All I really needed to know
Published 3:38 pm Monday, September 4, 2023
As September brings children back to school, I pray for a healthy, safe and prosperous year of academic excellence of learning for all.
I remember with grand fondness the decades that I taught very young children and what September meant for me.
One of my favorite books is ‘All I Really Need To Know I Learned In Kindergarten’ by Robert Fulghum. The title of the book summarizes some of the first lessons learned in kindergarten, and explains how the world could be improved if adults adhered to the same basic rule’s children are taught in their early education, i.e.; sharing, being kind to one another, cleaning up the mess they made, saying sorry when you hurt somebody, and playing fair to mention a few of the concepts.
As an early education teacher, I can tell you, I spent the first few days presenting the same ideals to my students.
On the first day of class, I taught my students the word EXIT. I needed them to know the word, what it meant and why it was important. In case of danger, they needed to know how to safely navigate their way out the building. I also told them there would be many situations in life, while not a fire drill, they would need to know how to get themselves out of danger, and that danger could include someone being mean or cruel. That they would sometimes need to ‘EXIT’ a conversation or situation where they are being bullied. And I told them what those ‘big words’ meant.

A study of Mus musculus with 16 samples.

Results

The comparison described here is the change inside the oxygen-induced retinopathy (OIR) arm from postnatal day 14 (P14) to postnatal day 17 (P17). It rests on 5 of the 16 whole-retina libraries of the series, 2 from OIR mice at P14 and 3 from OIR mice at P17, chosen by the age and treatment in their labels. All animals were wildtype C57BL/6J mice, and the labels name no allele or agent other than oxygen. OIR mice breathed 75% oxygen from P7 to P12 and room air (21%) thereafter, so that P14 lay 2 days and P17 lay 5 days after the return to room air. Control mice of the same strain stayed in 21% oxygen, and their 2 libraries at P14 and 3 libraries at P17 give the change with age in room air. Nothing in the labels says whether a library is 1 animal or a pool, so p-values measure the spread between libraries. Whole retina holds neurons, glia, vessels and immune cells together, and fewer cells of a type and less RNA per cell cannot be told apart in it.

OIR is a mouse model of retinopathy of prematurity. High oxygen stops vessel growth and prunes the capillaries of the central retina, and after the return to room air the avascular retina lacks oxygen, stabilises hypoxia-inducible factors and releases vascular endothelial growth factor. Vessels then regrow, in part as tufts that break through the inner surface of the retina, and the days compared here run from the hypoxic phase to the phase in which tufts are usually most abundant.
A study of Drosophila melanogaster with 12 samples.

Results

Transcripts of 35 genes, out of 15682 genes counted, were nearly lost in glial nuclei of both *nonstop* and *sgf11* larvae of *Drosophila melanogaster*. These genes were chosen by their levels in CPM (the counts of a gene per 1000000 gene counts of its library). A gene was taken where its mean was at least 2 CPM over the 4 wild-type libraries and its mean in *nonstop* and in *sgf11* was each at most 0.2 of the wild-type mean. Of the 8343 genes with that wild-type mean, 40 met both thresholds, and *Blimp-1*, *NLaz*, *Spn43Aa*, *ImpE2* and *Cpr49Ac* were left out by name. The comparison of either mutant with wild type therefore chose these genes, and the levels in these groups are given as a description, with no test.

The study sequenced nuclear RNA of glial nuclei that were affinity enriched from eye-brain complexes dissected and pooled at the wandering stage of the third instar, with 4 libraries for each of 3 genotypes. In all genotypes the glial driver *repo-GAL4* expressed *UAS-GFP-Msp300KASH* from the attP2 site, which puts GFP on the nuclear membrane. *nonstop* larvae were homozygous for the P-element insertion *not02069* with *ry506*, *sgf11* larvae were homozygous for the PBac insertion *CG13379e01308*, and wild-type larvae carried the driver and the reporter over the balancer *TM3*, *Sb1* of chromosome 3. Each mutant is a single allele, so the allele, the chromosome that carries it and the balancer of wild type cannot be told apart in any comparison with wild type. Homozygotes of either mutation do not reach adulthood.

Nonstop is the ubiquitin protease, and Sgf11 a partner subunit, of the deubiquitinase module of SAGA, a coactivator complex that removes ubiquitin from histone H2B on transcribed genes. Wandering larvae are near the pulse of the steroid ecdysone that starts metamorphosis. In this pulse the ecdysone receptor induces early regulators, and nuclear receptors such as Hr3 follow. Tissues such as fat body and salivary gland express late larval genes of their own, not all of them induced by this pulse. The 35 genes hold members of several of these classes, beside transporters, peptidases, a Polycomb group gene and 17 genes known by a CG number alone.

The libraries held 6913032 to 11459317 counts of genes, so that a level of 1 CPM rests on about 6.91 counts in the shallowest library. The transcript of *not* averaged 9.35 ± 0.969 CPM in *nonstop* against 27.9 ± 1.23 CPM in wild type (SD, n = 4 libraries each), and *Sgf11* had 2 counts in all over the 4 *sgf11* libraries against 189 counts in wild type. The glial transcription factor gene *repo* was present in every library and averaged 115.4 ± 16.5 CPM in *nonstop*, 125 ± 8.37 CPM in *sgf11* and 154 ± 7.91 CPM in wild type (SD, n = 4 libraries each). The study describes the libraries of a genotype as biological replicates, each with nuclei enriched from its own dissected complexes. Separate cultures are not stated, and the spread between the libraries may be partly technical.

I taught them to play fair, to take turns, don’t take things that didn’t belong to them, and not to destroy someone’s art projects because they didn’t like it. I taught them that teasing and bullying is not a sign of a good person. That they shouldn’t bully somebody because they thought their own lunch boxes, shoes, toys, houses or ideas were better than someone else’s.
I taught them to ask questions, especially if they are confused or needed more information about something. I wanted them to know that asking questions can keep a lot of confusion down.
One day one of my students came to me very upset saying that someone bullied them about not knowing the President’s real name. “Well, who did you tell them the President was I asked?” Mr. George W. Bush the child answered. “That is correct I said, that is what I taught you. Well, who did the child say the President was?” I asked curiously.” ” Sam”, (the class bully as perceived by the kids) said “it was Richard Stands” my sobbing student replied. “Okay I will take care of it” I said reassuringly.
I called Sam over to my side and quietly asked who is the President to this country? He stuck his chest out proudly and said, “President Richard Stands!” Where did you get that information? I asked. He said, “because every morning when we say the Pledge of Alliance we say, “one Nation under God for Richard Stands.” That day, I helped the class learn how sometimes people can misunderstand something, or deny the truth, and then bully people into believing they are right which could cause pain for someone else.
Children can easily misunderstand something, and it is our duty as adults to help them learn. I expect this behavior from children. But as adults we can be the same as children who don’t have all the information they need to say or do something.
There are many things in life where we can see how the vitriol of misunderstanding can cause pain for others. I wonder if the simple life lessons we learned when we were very young would make things better if we put them into practice as adults.
And yes, I have learned many things from children. Working with kindergarteners has helped me to grow wise.
Leesa Jones is the co-curator of the Washington Waterfront Underground Railroad Museum.